Majok's extraordinary journey from refugee camp to national basketball team

Ater Majok's family fled Sudan after political and religious conflict broke out. He spent the next eight years in a refugee camp in Cairo and now earns his living playing basketball for Lebanon.

Lebanon's Ater Majok (3-Red) in action during the FIBA Basketball World Cup 2019 Asian Qualifiers match between India and Lebanon at Sree Kanteerava Indoor Stadium in Bengaluru on Monday.   -  K. Murali Kumar

Ater Majok does not wish to dwell on the past. “Let bygones be bygones,” he says. “There are people who have gone through worse things. There are a lot of people that are not even here today. So I don't really hold it against anybody or hold it against life. You just have to keep moving and smiling.”

It is fair to say that Majok has been through a lot. His journey from Sudan to the Lebanese national basketball team, for whom he starred at the Sree Kanteerava Stadium on Monday, has been an extraordinary one. At the age of five, Majok's Christian family fled Sudan after political and religious conflict broke out.

"It is pretty hard for a kid who was born into a good family and lifestyle. Getting everything taken away was tough. Everything in life is a lesson. What does not kill you makes you stronger."

 

He spent the next eight years in a refugee camp in Cairo. Majok does not discuss it but at one point he was attacked, having his ear cut by a knife, while another time he was slashed in the thigh. His father was jailed multiple times on returning to Sudan while his former university coach has spoken of his family once being paid a visit by people toting machine guns.

“It is pretty hard for a kid who was born into a good family and lifestyle,” he says. “Getting everything taken away was tough. Everything in life is a lesson. What does not kill you makes you stronger.”

In 2000, Majok's family was granted asylum in Australia, where they still live. It is there that he was introduced to basketball. Tall and athletic, he quickly made a mark. Aged 21, Majok – who by then had grown to 6'10” – enrolled in the University of Connecticut in the United States.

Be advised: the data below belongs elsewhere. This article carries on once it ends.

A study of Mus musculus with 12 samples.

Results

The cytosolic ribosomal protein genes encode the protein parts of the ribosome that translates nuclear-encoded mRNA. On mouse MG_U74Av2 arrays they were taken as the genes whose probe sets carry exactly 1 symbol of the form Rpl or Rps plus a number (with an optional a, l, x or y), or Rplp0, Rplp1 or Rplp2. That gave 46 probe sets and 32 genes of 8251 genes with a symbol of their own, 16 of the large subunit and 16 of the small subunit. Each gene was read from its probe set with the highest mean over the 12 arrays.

A spell at professional club Homenetmen Beirut in the Lebanese league culminated in him acquiring citizenship there and turning out for the country.

“I come from nothing, so I have nothing to lose.”                                                                                                                                       

 

On Monday, Majok was a hit with the crowds at the Kanteerava stadium, going by the scramble for selfies afterwards. He went toe to toe with Satnam Singh and came out on top, blocking shots at one end and pulling off a couple of thunderous dunks at the other. He was strong and aggressive, as one would expect of a center, but also quick across the court and eager to shoot from the outside.

His life has shaped his on-court personality, Majok admits. “Off the court, I'm different, very quiet and calm, but on the court I will try to dominate any other player. My time [in the refugee camp] helped me become tough, mentally. It taught me to keep fighting, no matter what.”
Majok is simply grateful that he is able to play basketball for a living. “It has been a crazy journey,” he says. “I come from nothing, so I have nothing to lose.”